The efficiency and effectiveness of crime recording by Forth Valley police was put under the spotlight by watchdogs.
The audit of Police Scotland’s performance was carried out by HM Inspectorate of Constabulary in Scotland.
It shows the local force which covers Falkirk, Stirling and Clackmannanshire did better than the national average when it came to closing incidents and counting and classifying crime correctly, achieving figures of 94 per cent and 96 per cent respectively.
Forth Valley Division also properly recorded 98 per cent of crimes within the required 72 hours of the incident being reported and later correctly re-designated cases as not being a crime following additional investigation in 92 out of 100 cases.
It is claimed the results of the largest audit ever tackled show the reform of Scottish policing has provided new opportunities for greater consistency.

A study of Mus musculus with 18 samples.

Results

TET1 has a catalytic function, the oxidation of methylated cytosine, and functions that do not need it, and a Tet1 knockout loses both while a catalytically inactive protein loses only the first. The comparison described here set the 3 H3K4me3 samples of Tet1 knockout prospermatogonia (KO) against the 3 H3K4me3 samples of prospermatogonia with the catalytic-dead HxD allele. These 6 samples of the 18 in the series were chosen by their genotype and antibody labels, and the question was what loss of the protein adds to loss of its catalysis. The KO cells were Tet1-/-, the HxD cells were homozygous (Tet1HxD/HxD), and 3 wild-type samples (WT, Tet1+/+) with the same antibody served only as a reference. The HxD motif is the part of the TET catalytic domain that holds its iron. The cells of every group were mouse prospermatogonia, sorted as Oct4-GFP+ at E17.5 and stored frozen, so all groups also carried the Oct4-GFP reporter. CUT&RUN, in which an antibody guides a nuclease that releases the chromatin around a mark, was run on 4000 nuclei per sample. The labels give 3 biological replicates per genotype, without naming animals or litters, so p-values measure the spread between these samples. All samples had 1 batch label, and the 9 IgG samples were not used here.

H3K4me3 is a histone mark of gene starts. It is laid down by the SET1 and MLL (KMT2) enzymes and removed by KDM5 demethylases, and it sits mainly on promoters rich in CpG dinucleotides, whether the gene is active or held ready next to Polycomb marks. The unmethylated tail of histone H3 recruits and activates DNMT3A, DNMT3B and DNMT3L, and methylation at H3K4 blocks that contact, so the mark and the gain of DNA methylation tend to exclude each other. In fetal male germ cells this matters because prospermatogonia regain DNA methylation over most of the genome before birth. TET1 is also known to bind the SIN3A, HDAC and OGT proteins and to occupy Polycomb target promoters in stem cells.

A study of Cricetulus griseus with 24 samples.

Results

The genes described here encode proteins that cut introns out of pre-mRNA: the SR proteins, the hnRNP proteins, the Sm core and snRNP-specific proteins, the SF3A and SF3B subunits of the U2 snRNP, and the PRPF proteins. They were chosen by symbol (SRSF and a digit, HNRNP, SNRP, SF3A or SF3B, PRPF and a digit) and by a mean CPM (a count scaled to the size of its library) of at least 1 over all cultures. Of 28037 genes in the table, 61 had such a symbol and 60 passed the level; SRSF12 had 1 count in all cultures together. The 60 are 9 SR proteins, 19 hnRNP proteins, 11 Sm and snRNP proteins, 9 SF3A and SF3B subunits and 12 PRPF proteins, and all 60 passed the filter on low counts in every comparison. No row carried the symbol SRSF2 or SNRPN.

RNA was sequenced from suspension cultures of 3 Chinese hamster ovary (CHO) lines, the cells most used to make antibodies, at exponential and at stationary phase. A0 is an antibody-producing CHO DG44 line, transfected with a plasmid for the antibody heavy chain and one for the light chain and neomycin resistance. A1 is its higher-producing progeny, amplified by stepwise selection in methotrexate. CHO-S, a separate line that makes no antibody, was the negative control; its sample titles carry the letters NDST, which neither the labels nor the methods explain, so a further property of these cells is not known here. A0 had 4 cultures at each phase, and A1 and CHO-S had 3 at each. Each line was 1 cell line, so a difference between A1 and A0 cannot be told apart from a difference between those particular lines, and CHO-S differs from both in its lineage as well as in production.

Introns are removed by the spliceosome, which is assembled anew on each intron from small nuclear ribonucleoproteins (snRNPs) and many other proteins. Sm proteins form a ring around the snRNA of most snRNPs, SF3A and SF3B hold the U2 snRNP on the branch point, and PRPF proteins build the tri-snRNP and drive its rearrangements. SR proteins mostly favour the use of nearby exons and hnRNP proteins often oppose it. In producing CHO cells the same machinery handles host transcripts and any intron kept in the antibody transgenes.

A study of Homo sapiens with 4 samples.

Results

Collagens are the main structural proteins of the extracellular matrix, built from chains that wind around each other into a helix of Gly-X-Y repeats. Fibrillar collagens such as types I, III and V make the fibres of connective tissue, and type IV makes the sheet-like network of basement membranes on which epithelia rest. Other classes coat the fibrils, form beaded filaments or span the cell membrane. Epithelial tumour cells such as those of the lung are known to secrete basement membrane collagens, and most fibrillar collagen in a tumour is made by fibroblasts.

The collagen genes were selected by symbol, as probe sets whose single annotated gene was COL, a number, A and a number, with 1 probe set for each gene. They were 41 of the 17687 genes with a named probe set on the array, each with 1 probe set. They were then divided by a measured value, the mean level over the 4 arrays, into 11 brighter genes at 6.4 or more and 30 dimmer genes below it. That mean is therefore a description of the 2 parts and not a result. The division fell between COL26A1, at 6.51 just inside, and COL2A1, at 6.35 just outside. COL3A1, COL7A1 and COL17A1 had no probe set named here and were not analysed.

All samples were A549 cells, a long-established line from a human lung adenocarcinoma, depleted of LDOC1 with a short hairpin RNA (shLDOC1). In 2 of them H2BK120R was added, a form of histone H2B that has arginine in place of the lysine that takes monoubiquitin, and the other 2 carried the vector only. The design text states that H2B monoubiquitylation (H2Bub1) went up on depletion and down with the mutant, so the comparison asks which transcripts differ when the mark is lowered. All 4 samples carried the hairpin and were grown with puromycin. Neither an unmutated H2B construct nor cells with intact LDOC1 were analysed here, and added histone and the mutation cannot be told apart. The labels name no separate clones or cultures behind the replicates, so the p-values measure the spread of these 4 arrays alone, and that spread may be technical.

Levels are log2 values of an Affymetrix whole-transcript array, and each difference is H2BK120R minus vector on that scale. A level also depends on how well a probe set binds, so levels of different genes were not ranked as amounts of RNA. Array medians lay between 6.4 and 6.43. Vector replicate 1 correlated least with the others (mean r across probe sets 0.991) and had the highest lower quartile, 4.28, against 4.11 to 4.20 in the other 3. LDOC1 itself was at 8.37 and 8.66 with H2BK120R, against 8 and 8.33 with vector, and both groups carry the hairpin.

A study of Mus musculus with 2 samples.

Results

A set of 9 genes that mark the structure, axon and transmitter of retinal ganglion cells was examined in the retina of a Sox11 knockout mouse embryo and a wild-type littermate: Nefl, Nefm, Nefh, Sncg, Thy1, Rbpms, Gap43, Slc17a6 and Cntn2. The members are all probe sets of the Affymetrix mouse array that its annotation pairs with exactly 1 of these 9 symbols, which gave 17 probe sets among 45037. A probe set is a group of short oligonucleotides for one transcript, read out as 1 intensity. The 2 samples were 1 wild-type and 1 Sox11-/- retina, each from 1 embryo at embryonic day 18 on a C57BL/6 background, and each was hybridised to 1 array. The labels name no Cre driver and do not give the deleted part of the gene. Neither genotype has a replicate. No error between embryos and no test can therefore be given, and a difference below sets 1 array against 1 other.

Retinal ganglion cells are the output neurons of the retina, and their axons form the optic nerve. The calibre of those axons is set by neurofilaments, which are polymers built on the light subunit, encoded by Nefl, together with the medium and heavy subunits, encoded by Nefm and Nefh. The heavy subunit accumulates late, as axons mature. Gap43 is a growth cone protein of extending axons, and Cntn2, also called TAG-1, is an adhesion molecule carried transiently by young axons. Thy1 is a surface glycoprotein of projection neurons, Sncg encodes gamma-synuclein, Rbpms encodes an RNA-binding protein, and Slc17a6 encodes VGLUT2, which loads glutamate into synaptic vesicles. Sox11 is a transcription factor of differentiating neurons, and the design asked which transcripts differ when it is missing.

Derek Penman, HM Inspector of Constabulary in Scotland, said: “It is important the public can have confidence in crime figures. The scale of this report, which examined five times more records than any previous report, provides that.
“Police Scotland’s own auditing of crime recording is good and the fact it broadly mirrors our results should provide assurance as to its accuracy. Accurate crime data is vital for Police Scotland as it can inform planning and allow resources to be allocated where they are most needed. This audit gives the Scottish Police Authority an opportunity to drive improvement in crime recording in line with their wider scrutiny role.”